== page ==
Growing up, my Mom's friends had a yearly Christmas cookie swap party, and every year I looked forward to the wealth of treats she brought home (a particular favorite was the stained glass cookie - a sugar cookie with candies melted into a hole in the center, creating a colorful glass-like appearance).
It became tradition for Mom to make her mandelbrot - a Jewish biscotti (Serious Eats posted a recipe here) that she especially loved when stuffed with the dried candied fruit more frequently associated with the dreaded fruitcake. (I don't know if that's a traditional thing or not, her version is the only one I've seen like that, so I'm guessing not).
I couldn't bring myself to make a candied fruit mandelbrot, but I also couldn't make anyone else's mandelbrot recipe. So I settled for this gingerbread biscotti recipe from Smitten Kitchen. She describes it as lightly spiced; I'm a little more aggressive - and, ok, accidentally dumped way too much ground clove into the bowl, so had to up the other spices to balance it out, and I think I like the end result better.
Start by preheating oven to 350 degrees and covering a large baking sheet with parchment paper.
In a large bowl, I mixed together two cups and two tablespoons of flour, two teaspoons of baking powder, three teaspoons of cinnamon, three teaspoons of ginger, one teaspoon of clove, and a few twists of fresh black pepper. If you're using unsalted butter, here's where you would throw in some salt.
In another bowl, I creamed together 7 tablespoons of butter, 1/2 cup brown sugar, and 1/2 cup white sugar. Then I mixed in two eggs and some vanilla extract (the recipe calls for two teaspoons, and despite sitting down to write this only three hours after pulling these cookies out of the oven, I can't for the life of me recall what I did. It'll probably come to me a few hours after I've posted this and I'll feel like a dunce. Let's just assume I went with the called-for two teaspoons).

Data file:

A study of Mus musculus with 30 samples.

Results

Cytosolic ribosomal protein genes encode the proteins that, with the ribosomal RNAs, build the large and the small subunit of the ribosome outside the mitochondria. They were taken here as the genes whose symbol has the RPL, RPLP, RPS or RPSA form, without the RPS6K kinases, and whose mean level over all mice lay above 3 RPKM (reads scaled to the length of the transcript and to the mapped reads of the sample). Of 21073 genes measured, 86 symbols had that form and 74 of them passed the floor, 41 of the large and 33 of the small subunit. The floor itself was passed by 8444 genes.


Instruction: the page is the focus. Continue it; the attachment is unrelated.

Next, add wet ingredients to dry and mix thoroughly; I also added about one cup of semisweet chocolate chips. It took some time for my dough to become fully incorporated, and eventually I discarded tools and went in with my hands (a cook's best tool, they say). The dough was pretty dry and soft - which makes sense, these are denser and drier cookies than say your regular chocolate chip, so the dough won't have the same texture or wetness.
Next, divide the dough in two and form in long, flat logs. Brush with one egg white - beat the egg white first so that it's not just a giant glob that you can't brush evenly onto the cookie dough logs. Then pop in oven for 25 minutes.
After my logs came out of the oven, I let them sit on the counter just until they were cool enough to handle. They were cooked through but still soft and springy.
Once they had cooled, I transferred the logs to a cutting board and sliced them on the diagonal into strips as thick as the ones you see above - I guess they ended up being maybe about an inch thick.
Next, I dusted each both cut sides of each cookie with cinnamon sugar (1/3 cup white sugar with one tablespoon cinnamon - it made way too much, and I would probably skip this step next time as I don't think it added much and it also didn't really adhere to the cookie. Maybe another egg wash or some melted butter would help it stick, or add it before you do the first bake).
Then the cookies went back into the oven to back for twelve minutes on one side, and about ten on the other. They weren't completely hard and crunchy when they came out, so if you prefer that you could bake a little longer, but I liked them as they were.
And they went perfectly with a hot mug of tea and a Sunday afternoon Netflix binge.